The physician-owned practice is alive and well. Despite the recent growth of larger medical practices, many doctors still work in small practices that they own by themselves or with physician partners. These doctors are also business owners, so they have additional insurance needs. When looking at disability insurance for doctors, don’t forget about the need for business overhead expense insurance.
Shifts in Medical Practices
The American Medical Association (AMA) says that there has been a shift away from physician-owned practices and toward larger medical practices in recent years, and the data supports this conclusion. In fact, the 2020 AMA survey showed that the percentage of doctors working in physician-owned practices dropped below 50% for the first time since AMA started collecting this data in 2012.
This may seem alarming to anyone selling insurance to physician-owned practices, but you can relax. Physician-owned practices are still extremely common; they’re just slightly less common than they used to be. AMA says 49.1% of patient care physicians worked in physician-owned practices in 2020. That is less than half, but only by a hair. Furthermore, AMA says that 53.7% of physicians – more than half – still work in small practices with 10 or fewer physicians.
It’s impossible to predict with certainty what the future will hold. It’s possible that this trend will continue, and the number of physician-owned practices will slowly shrink. It’s also possible that the trend will reverse. Regardless, there are plenty of physician-owned practices now, and if they have any hope of sticking around, they need insurance coverage.
Help Protect Physician-Owned Practices
Imagine there’s a small physician-owned practice, owned by a single doctor. The doctor experiences a heart attack and needs to take time off work to focus on recovery. Patient appointments have to be canceled, and the practice is not bringing in any revenue. At the same time, the operating costs don’t stop. The doctor still owes the monthly rent, as well as costs related to the expensive medical equipment at the practice.
Even worse, the doctor has several employees, and he doesn’t know how he’s going to cover their benefits and salaries. Physician-owned practices typically employ other workers who help keep the place operational. According to the 2021 Staff Salary Survey from Physicians Practice, 61% of practices employ at least one nurse, 88% of practices employ at least one medical assistant, 97% of practices employ at least one front-desk worker and 85% of practices employ at least one biller or coder. Each of these workers is depending on a regular paycheck, and the doctor is also responsible for payroll taxes and employee benefits.
If the doctor can’t keep up with these costs, the practice may need to close. All of the workers will have to look for new jobs, and there will be one fewer physician-owned practice in the country.
Business overhead expense insurance can help prevent this outcome.
How BOE Insurance Helps Physician-Owned Practices
Business overhead expense (BOE) insurance provides critical coverage for small business owners, including physicians who own their own practice.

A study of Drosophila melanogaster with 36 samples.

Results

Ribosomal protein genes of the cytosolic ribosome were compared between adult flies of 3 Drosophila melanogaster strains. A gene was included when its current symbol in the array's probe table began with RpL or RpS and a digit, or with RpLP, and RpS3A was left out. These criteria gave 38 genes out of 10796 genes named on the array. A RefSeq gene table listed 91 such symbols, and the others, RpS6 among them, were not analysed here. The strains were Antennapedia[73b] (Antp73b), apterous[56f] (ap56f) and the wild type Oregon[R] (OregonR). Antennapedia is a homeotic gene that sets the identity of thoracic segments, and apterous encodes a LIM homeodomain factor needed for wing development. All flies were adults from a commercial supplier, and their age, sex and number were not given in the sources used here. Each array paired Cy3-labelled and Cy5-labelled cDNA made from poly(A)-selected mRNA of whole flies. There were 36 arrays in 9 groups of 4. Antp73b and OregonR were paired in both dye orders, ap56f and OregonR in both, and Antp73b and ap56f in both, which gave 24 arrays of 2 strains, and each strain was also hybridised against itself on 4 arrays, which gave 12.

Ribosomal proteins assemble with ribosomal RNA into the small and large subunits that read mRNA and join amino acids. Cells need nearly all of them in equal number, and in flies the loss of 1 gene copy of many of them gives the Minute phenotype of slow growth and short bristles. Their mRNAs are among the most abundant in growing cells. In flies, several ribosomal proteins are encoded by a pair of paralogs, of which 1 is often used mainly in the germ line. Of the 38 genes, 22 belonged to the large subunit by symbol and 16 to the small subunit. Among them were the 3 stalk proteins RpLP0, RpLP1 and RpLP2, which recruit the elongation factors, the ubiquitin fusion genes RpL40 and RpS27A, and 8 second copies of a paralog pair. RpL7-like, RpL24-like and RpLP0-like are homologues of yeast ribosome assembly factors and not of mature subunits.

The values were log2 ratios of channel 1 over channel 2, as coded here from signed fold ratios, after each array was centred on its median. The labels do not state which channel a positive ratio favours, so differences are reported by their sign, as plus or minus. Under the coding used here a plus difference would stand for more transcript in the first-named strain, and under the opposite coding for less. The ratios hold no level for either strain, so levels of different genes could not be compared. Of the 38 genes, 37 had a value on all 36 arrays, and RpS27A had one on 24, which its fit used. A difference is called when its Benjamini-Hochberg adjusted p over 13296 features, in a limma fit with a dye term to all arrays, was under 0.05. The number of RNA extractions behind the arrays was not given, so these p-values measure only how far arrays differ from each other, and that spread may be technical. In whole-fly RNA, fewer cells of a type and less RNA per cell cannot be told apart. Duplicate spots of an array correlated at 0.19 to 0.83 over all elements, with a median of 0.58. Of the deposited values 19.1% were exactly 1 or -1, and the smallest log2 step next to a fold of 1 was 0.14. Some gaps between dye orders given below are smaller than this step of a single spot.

If the business owner experiences a disability, the BOE policy can cover eligible operating expenses, including employee salaries, payroll taxes, insurance premiums for employee benefits, rent, utilities, property taxes, office equipment expenses, accounting fees and more.
The benefit period usually lasts for up to 12 to 24 months. This gives the business owner a year or two to either recover and return to work or figure out another plan for business.
The Social Security Administration says that around one in four of today’s 20-year-olds will experience a disability before turning 67. For small physician-owned practices, a disability can prove disastrous. BOE coverage can help keep these practices from having to close due to disability.
Coverage Needs Are Increasing
Running a physician-owned practice isn’t getting any cheaper. High inflation means that everything has become more expensive, from rent to equipment.
Amid staffing shortages, employers are also having to pay higher salaries and provide more benefits to attract talented workers. According to the 2021 Staff Salary Survey, 44% of practices expect their staffing level to increase, but 53% say that finding qualified staff is the biggest staffing challenge. Many practices are planning to give raises, including 50% of practices that say they’re planning to give cost-of-living raises, and 55% that say they’re giving performance or merit raises. Among the practices that are not planning to give raises, 37% cite uncertainty about the economy as the reason.
As costs increase, small practices are feeling the financial pressure. These practices may have exhausted any reserve funds they had during the COVID-19 pandemic. If a disability were to strike now, it could be ruinous – unless business overhead expense insurance is in place.
Help Doctors Protect Themselves and Their Practices
Doctors are considered a prime market for individual disability insurance, and for good reason. Individual disability insurance for doctors provides the paycheck protection that doctors need. However, individual disability insurance doesn’t help the practice itself. When securing disability insurance, doctors who own their own practice should also consider their business overhead expense needs. Learn more about disability insurance for business owners.